Orthodontics resident embraces artistic skill as 'Mr. Rice Guy' on TikTok
“If you would’ve asked me in March 2020 if I’d ever be supporting my way through residency with a TikTok account, I’d call you crazy,” said Tim Bitner, DDS. But the resident in orthodontics is doing just that: and the same fine hand skills that propelled his dental career are fueling his success as the viral Mr. Rice Guy on TikTok.
It all started in the early days of the pandemic. Bitner, his wife, and his kids were settling into isolation in Utah, where they and both sets of parents lived. He dreamed up a fun idea involving his eight siblings passing a cup of water through the screen on a Zoom call to one another. They filmed it, and his sister asked if she could put it on her TikTok.
Sure, Bitner thought, not really knowing what a TikTok was. The video, now reposted on his page, got over one million views.
“I was like, you’re kidding me,” he said, knowing his little sister was getting all those views from his idea. “There was a bit of competitiveness there.”
After accepting the challenge from his family, Bitner dedicated himself to making a video that got more views. He tried a few avenues before seeing someone write out a word with rice and throw it. In that video, he saw his opening.
“I’ve always been pretty artistic,” Bitner explained. So he knew he could make a pretty incredible picture--and his wife, Carly, had the perfect recipe for dyeing rice with vibrant colors.
They started by designing and throwing a portrait of Bob Marley made of rice on May 23 of last year. “Everybody knows Bob Marley,” he explained, so it’d make for a great start. He got six million views.
“My goal was reached,” he said. “I’d beat my little sister. I did what I wanted to do.” But then, he started getting requests, including from big names like the Houston Rockets and Marshmello, a popular DJ. “It just rolled so fast,” he said.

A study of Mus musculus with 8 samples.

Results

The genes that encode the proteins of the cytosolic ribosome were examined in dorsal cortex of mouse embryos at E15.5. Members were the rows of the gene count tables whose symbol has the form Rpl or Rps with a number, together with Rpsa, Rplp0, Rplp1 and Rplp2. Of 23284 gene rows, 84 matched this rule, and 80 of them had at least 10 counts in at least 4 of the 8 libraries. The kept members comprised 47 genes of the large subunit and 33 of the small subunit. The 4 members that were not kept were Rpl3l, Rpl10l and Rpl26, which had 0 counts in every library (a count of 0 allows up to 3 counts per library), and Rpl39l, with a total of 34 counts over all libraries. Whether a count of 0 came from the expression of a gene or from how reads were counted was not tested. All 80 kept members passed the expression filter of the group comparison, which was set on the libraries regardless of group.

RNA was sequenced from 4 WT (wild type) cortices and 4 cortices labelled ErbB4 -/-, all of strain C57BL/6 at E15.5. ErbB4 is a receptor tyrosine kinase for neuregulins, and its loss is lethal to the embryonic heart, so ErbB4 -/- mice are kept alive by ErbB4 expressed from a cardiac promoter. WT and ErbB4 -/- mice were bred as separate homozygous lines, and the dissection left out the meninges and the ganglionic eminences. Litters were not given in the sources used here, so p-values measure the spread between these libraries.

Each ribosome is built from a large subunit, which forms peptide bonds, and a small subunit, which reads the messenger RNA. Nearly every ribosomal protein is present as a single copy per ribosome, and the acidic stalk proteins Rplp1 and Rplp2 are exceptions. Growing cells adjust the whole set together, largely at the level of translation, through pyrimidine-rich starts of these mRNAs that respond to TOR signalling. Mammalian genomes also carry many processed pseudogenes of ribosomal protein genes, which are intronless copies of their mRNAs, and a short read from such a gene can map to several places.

By October, Bitner had one million followers on his account. He started getting requests for partnerships from brands like the NHL, M&M’s, Disney-Pixar, My Little Pony, and Dunkin’ Donuts. Just like that, the account went from a fun hobby to a way of supporting himself and his family during dental school and orthodontic residency.
“Before, my wife has always been the one to work while I’m in school,” he explained, “but we have three kids now, and this has been heaven sent. ”
Instead of taking time away from his studies and his work, the rice throwing helps him focus on work and on raising his family without additional financial strain. And the portraits fit with his view of dentistry, too.
“It was actually an interest in ceramics and sculpting that got me into dentistry,” said Bitner, who’s always enjoyed art.
It was that passion for fine-detailed, hands-on work like painting and carving that spurred an interest in dentistry in general and orthodontics in particular. “You’re focused on aesthetics, improving a smile and using your hands for wire detail.”
The rice throwing keeps that interest piqued, and keeps Bitner sharp. “As a dentist, you’re always going to be stretching what you’re capable of, and you’ve got to be continuously developing your hand skills,” he said. Bitner enjoys being able to come home and keep fostering those skills, but in a way that’s totally different than during his work day.
Perhaps the best part of Bitner’s new skill is how it helps him “bridge the gap between my home and my profession.” He calls rice throwing “a family affair,” explaining that his wife takes on the filming, and his kids get involved during portrait making and find new ways to play with the rice after it’s been used in a video.
“A lot of times, when people have hobbies, they go their separate way to focus on those,” Bitner said. “It’s nice to be able to do this as a family--especially during residency, when I’m often stressed or have to go to my room and study.”
Bitner’s family seems to feel the same way: recently, his four-year-old son Liam told Bitner that he wants to throw rice like his dad when he grows up. “Not be a dentist,” he laughed. “He wants to be Mr. Rice Guy. And who knows, maybe he’ll take over the account one day.”
No matter what the future holds, as Bitner enters his second year of residency in the hopes of returning to Utah as a practicing orthodontist, he’s thrilled to have his family, and the rice throwing community, by his side.
“It really touches my heart,” he said. “There are so many things this app has made possible for me and my family. I don’t know what’s going to come, but I’m excited to see who I get to meet or what I get to do next.”